Strategic Management: Formulation and Implementation

Purchasing Strategies

A business unit's purchasing strategy will differ depending upon which generic strategy it adopts.

Firms that use either the niche-low-cost strategy or the low-cost strategy emphasize purchasing at the lowest costs possible.

Companies that use the generic strategy of niche-differentiation or differentiation emphasize the procurement of high-quality inputs, even if they cost more than alternative offerings.

When management pursues a niche-low-cost/differentiation or low-cost differentiation generic strategy, emphasis is placed on buying high-quality inputs at low costs.

Using multiple strategies requires a mixture of purchasing plans.

Functional Strategies In Production / Operations

Many writers have stressed the importance of linking manufacturing strategy with corporate level and business level strategy to ensure consistent decisions. Some researchers have argued that manufacturing is the way to compete. Others have forecasted increased strategic advantage due to manufacturing strategy in the future.

One of the most widely cited books dealing with the subject of competition through manufacturing strategy is Restoring Our Competitive Edge, by Hayes and Wheelwright. According to this researchers, two themes should be used to evaluate the soundness of any functional strategy: consistency (both internal and external) and contribution (to competitive advantages).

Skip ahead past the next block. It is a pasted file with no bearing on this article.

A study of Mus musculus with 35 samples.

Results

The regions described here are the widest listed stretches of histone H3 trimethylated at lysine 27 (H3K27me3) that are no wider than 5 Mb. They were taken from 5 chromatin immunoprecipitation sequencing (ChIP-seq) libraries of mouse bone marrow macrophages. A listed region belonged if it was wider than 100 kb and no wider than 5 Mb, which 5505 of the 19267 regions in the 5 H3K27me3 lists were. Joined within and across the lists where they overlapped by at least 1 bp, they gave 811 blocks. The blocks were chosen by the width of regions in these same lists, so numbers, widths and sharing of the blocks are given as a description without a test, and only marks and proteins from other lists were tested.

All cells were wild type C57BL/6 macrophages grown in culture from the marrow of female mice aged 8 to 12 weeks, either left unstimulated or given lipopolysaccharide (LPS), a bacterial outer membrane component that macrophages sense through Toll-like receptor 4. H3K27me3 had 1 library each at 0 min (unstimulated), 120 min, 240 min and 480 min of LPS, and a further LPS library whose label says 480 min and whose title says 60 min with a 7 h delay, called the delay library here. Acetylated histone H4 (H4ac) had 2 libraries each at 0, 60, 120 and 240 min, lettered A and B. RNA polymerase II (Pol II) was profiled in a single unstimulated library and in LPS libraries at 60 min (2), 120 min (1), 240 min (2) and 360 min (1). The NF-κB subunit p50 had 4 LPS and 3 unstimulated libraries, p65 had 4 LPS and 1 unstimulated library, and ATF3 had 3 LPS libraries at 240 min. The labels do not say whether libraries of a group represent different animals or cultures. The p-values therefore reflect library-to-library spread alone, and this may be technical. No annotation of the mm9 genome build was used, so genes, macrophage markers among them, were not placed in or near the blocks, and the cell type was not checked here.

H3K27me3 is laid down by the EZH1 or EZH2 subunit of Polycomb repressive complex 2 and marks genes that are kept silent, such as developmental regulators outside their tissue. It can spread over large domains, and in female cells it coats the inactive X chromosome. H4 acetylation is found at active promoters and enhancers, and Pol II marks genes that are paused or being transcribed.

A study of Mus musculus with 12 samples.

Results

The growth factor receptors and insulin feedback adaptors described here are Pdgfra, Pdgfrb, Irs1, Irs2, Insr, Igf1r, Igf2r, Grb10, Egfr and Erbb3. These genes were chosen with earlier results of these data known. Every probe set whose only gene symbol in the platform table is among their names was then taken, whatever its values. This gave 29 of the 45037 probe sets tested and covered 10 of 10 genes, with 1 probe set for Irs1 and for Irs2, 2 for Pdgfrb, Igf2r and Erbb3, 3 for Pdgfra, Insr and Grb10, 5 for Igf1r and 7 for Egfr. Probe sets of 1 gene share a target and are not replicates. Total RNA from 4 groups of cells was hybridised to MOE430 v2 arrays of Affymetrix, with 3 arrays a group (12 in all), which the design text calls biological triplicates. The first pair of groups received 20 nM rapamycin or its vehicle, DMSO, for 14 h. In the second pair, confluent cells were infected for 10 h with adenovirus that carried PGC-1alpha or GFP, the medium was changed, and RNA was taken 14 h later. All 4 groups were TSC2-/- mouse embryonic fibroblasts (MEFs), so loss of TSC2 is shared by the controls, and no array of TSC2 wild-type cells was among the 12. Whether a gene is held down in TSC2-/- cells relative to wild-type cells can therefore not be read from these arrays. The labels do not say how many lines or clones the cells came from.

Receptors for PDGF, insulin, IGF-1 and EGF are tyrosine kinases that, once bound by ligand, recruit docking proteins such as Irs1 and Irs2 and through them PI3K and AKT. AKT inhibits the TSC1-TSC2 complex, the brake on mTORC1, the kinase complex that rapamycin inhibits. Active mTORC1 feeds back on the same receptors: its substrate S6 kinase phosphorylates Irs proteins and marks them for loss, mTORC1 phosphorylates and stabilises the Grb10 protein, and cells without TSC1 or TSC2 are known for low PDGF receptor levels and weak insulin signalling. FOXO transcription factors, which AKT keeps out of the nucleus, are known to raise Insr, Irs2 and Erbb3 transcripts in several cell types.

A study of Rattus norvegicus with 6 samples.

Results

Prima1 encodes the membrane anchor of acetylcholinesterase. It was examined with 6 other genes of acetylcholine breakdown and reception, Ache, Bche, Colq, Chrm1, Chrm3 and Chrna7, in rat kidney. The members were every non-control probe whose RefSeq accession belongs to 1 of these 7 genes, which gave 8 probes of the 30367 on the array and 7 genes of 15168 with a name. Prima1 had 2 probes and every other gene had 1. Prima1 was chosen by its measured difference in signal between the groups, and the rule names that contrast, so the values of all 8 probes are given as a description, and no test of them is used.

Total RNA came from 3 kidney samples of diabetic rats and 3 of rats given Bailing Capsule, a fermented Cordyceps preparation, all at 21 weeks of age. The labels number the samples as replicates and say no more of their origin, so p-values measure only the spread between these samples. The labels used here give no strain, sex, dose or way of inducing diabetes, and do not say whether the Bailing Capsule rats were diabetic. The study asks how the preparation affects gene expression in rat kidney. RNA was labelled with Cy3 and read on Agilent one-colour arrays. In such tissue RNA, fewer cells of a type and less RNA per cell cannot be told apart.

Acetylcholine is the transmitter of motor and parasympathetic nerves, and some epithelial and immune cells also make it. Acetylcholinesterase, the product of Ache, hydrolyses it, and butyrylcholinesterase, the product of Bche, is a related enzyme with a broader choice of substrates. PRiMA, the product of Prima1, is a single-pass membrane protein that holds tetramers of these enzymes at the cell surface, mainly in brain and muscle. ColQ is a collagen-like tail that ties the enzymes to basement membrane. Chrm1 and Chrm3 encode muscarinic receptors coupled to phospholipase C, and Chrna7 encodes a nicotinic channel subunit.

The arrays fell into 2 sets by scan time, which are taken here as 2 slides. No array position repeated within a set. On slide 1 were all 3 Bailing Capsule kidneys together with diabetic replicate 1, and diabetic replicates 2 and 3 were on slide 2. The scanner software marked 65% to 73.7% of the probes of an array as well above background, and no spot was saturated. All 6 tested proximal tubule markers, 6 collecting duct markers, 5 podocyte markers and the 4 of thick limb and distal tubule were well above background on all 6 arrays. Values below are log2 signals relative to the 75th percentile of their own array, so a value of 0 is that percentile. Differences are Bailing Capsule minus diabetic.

Production/operations management (POM) involves the process of transforming inputs, such as raw materials and parts, into outputs.

Roger Schroeder suggests the production/operations management comprises five function or decision areas: process, capacity, inventory, work force, and quality.

POM operating strategies must be coordinated with marketing/financial, human resource strategies. James Dilworth outlines several types of strategic decisions that a company might make and considers production/operations implications of those decisions.

Steven Wheelwright recommends that a manufacturing company explicitly establish the relative priorities it will give to the four performance characteristics: cost efficiency, quality, dependability, and flexibility.

These performance characteristics can be briefly described as follows:

Cost efficiency
A company that emphasizes cost efficiency will see that its capital, labor, and other operating costs are kept low relative to those of other, similar companies.
Quality
A company that emphasizes quality will consistently strive to provide a level of quality that is significantly superior to that of its competitors, even if it has to pay extra to do so.
Dependability
A company that stresses dependability can be relied on to have its goods available for customers or to deliver its goods or services on schedule, if its is at all possible.
Flexibility
A company that develops flexibility can quickly respond to changes in product design, product mix, or production volume.

It is important to note that production/operations activities often represent the largest part of an organization's human and capital assets.